There can be very little doubt; it was my generation’s JFK moment. I know exactly where I was. I know what happened. How I felt. How I reacted. I also know that the death of Diana, Princess of Wales remains one of the most significant moments in the history of post-war Britain. Not the death, albeit the untimely and deeply tragic death of an inspiring woman and devoted mother, but instead the death of the stiff upper lip, hide your emotions consensus that had pervaded this country for as long as anyone can remember.
The reaction to Diana’s death and the week of the funeral and the extraordinary funeral itself is now seared into the pysche of the UK – a country-changing seven days which saw huge movements in attitudes, public opinion and public consciousness.
Back to the beginning. I was in bed. Not long in bed after a night out in Southport. Knock. Knock. “Ben. Ben. Get up. Diana is dead!”. Mum and I sat drinking tea glued to the TV – the BBC – obviously for big moments – in this moment of huge national and international news. It was hard to believe. The initial shock giving way to real, deep sadness that two young boys would grow up without their mummy – and for me, double despair for them given the dysfunctional, outdated and totally broken family establishment they had the misfortune to be born into. Our hearts went out to them.
Over the course of the next few hours and then the next few days it was like a drug to news junkies like me. Hard to take your eyes from the TV, newspapers and radio. This was of course, in the days before Twitter and mainstream online news. The fix was constant. What made it mesmerising what the shift that was taking place before our eyes as the nation – and many around the world who lived in this nation – openly wept, screamed and wailed (that was the sound that stuck in my mind from that day to this) as Diana’s body was taken through the streets.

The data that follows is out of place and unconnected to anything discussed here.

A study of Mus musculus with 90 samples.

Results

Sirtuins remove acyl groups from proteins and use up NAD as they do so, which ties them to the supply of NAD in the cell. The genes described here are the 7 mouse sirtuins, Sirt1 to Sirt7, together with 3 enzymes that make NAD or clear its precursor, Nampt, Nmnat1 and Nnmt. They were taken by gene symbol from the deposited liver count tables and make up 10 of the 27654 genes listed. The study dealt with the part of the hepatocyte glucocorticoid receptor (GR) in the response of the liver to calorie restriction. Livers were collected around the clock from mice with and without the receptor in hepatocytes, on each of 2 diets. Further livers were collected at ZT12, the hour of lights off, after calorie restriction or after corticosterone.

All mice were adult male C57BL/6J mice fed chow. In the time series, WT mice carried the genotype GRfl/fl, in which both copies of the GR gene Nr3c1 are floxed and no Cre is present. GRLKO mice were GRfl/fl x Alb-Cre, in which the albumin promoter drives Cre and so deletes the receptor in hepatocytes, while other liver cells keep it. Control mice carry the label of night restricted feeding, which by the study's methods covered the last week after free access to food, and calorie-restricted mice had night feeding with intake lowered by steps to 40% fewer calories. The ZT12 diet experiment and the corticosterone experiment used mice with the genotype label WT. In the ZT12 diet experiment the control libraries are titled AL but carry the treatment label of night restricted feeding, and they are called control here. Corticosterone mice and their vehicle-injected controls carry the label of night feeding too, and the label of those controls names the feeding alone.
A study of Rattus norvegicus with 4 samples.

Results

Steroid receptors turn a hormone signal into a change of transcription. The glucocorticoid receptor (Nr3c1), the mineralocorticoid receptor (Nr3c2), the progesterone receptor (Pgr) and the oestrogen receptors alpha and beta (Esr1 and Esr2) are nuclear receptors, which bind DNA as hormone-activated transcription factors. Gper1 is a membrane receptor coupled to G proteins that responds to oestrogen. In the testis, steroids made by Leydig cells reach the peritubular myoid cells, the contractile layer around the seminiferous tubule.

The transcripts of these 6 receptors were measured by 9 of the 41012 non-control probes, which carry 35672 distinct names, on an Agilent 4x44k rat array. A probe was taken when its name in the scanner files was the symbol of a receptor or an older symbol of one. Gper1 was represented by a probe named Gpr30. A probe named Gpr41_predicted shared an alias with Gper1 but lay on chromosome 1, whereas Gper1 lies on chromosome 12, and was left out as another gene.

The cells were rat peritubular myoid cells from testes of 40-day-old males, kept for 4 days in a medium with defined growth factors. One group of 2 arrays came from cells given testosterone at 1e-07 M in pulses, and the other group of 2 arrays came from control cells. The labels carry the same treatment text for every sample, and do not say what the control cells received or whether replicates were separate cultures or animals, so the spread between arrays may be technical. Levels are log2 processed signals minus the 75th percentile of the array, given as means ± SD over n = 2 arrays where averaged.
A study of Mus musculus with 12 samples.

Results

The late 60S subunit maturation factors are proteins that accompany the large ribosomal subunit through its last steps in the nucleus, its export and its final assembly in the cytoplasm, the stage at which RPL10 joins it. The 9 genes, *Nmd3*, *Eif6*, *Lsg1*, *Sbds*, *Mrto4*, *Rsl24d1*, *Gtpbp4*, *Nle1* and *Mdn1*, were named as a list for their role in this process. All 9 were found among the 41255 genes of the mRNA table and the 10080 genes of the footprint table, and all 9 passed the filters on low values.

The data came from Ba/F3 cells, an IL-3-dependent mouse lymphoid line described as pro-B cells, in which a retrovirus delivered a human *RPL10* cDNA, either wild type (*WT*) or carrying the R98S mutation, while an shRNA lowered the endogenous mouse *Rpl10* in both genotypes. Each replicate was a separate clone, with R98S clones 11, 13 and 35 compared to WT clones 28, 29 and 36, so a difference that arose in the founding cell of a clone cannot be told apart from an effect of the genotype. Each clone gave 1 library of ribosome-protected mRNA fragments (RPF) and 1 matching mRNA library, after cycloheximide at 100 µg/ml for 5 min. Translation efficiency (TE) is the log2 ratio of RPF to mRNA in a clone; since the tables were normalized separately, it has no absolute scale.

The political animal in me also soaked up the ramifications for the government – Tony Blair; more popular than Churchill – and the royal family, who teetered for a few days as their ivory tower existence caught up with them, until some simple gestures and some of the most impactful communications delivered in living memory (the flag, the tour of the flowers and “as a grandmother”) turned the tide of goodwill in their favour. It was extraordinary to experience, for that’s what it was; an experience. All local sport cancelled. The country ground to a halt. Millions glued to their TVs as Elton John and Earl Spencer did their thing and so many tears were shed by so many people, included some of the most unexpected. It truly was history being written every minute and its legacy remains today.
The twentieth anniversary gives us cause to reflect on those momentous days; the drama; the history; the moments that will last a lifetime but more importantly to remember the most important thing. The key aspect to this Shakespearian tragedy. The loss of someone who meant so much to her family, friends and a wider world. The extinguishing of a light which shone for many. Diana wasn’t my cup of tea but she was certainly a unique and special person, living a unique and extra-special life.
As 31st August arrives, I hope her sons find some comfort in the love that is still felt for their mother and the legacy she leaves behind. In the end, when you lose someone who fills your life with endless love it doesn’t matter whether you are prince or pauper your loss is catastrophic and never, ever goes away.